How Acid Reflux Disease, Gastroesophageal Reflux Disease (GERD) is Diagnosed

There are several tests that can be performed to determine if someone has acid reflux disorder or GERD

Frequent heartburn may be a symptom of a condition called acid reflux disorder, or gastroesophageal reflux disease (GERD). When you go to the doctor, he or she may be able to diagnose your condition from the symptoms you describe, or the doctor may run more tests just to be certain.

The typical tests for Gerd include:

An X-ray of your upper digestive system

These tests known as GI tests, often involve taking a chalky substance called a barium swallow, to coat the lining of the digestive tract, so that the doctor can evaluate the condition of the stomach, duodenum (upper intestine) and the esophagus.


An endoscopy is a long tube that inserted in the throat. It has a light and a camera attached so that the doctor or technician can see the condition of the esophagus and stomach. The doctor will sometimes take a sample of tissue using the endoscopy. This sample is called a biopsy and would be necessary if a rare cancer known as as Barrett's esophagus is a risk factor.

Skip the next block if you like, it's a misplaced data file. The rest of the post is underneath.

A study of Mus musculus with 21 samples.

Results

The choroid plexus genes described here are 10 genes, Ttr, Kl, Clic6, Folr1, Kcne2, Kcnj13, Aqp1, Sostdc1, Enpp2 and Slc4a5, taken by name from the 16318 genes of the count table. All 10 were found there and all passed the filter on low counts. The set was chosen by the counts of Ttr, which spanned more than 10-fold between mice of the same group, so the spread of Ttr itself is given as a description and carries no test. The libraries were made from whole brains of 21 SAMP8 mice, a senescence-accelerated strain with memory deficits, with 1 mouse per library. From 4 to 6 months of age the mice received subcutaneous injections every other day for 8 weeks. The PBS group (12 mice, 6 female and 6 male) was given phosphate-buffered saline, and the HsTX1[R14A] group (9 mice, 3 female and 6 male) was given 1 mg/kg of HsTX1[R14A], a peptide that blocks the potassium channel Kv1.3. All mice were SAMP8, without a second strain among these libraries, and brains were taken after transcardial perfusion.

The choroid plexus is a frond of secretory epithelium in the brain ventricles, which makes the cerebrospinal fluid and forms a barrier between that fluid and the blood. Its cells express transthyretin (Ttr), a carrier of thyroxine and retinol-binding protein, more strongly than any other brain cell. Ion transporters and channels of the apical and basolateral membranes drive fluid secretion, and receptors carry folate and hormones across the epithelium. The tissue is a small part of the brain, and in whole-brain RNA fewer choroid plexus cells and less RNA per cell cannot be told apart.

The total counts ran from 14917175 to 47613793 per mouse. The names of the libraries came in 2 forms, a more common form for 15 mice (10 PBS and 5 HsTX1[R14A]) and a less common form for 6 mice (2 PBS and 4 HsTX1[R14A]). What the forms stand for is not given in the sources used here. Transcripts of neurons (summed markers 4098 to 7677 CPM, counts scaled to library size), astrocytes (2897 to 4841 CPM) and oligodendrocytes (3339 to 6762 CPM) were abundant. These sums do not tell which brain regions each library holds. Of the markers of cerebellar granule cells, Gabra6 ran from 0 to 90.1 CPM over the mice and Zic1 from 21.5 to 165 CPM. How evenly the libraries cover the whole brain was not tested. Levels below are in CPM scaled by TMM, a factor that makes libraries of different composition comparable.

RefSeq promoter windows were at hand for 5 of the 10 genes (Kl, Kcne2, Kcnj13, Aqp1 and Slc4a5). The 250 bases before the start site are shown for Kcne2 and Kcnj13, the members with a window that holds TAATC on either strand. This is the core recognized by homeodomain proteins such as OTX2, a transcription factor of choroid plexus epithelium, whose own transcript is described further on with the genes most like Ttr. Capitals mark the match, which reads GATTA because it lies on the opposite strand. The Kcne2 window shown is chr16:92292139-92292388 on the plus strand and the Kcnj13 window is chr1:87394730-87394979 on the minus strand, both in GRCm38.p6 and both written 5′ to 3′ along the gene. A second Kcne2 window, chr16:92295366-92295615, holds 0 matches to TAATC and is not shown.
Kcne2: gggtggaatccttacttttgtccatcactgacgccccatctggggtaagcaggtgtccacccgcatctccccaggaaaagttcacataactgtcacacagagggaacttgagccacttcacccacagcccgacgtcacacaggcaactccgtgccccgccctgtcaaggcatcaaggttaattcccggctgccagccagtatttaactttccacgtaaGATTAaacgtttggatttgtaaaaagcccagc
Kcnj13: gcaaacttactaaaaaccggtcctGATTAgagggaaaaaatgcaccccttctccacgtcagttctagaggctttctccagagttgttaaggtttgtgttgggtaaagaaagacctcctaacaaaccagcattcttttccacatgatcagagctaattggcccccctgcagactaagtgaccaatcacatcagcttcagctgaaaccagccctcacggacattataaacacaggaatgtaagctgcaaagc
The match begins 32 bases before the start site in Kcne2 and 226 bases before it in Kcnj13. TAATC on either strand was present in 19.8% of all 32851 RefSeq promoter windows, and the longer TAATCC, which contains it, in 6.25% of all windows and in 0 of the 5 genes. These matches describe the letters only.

Acid tests

Ambulatory acid (pH) probe tests will determine when stomach acid is present in the esophagus and how long it remains there. Your doctor may ask you to stop your GERD medication while this test is being conducted. This acid test is done by inserting a tube through the nose all the way down the esophagus. This tube is connected on the outside by a monitor which is attached around your waist, or it may be attached at the shoulder. Another way to attach the monitor is to use a clip that is inserted directly into the esophagus. The clip will transfer images and will slip off in about two days and pass through your feces.

Esophageal motility testing

Esophageal motility testing is another test where a tube (catheter) is inserted down the nose to measure pressure and any movement of the esophagus.

These tests do sound scary but they are not painful. The technician is well trained and you will be given a narcotic to avoid any possible discomfort as well as a sedative to help you relax. The technicians will monitor your heart rate, blood pressure, and blood oxygen throughout the procedure to make sure you are okay. You will also be given oxygen so don't worry; you will still be able to breath. After the procedure is performed the nose and throat may be a bit sore, and it is possible to have some bleeding from some of the tests.



Great explanation of how the condition is diagnosed for the sufferers of GERD.Promoted.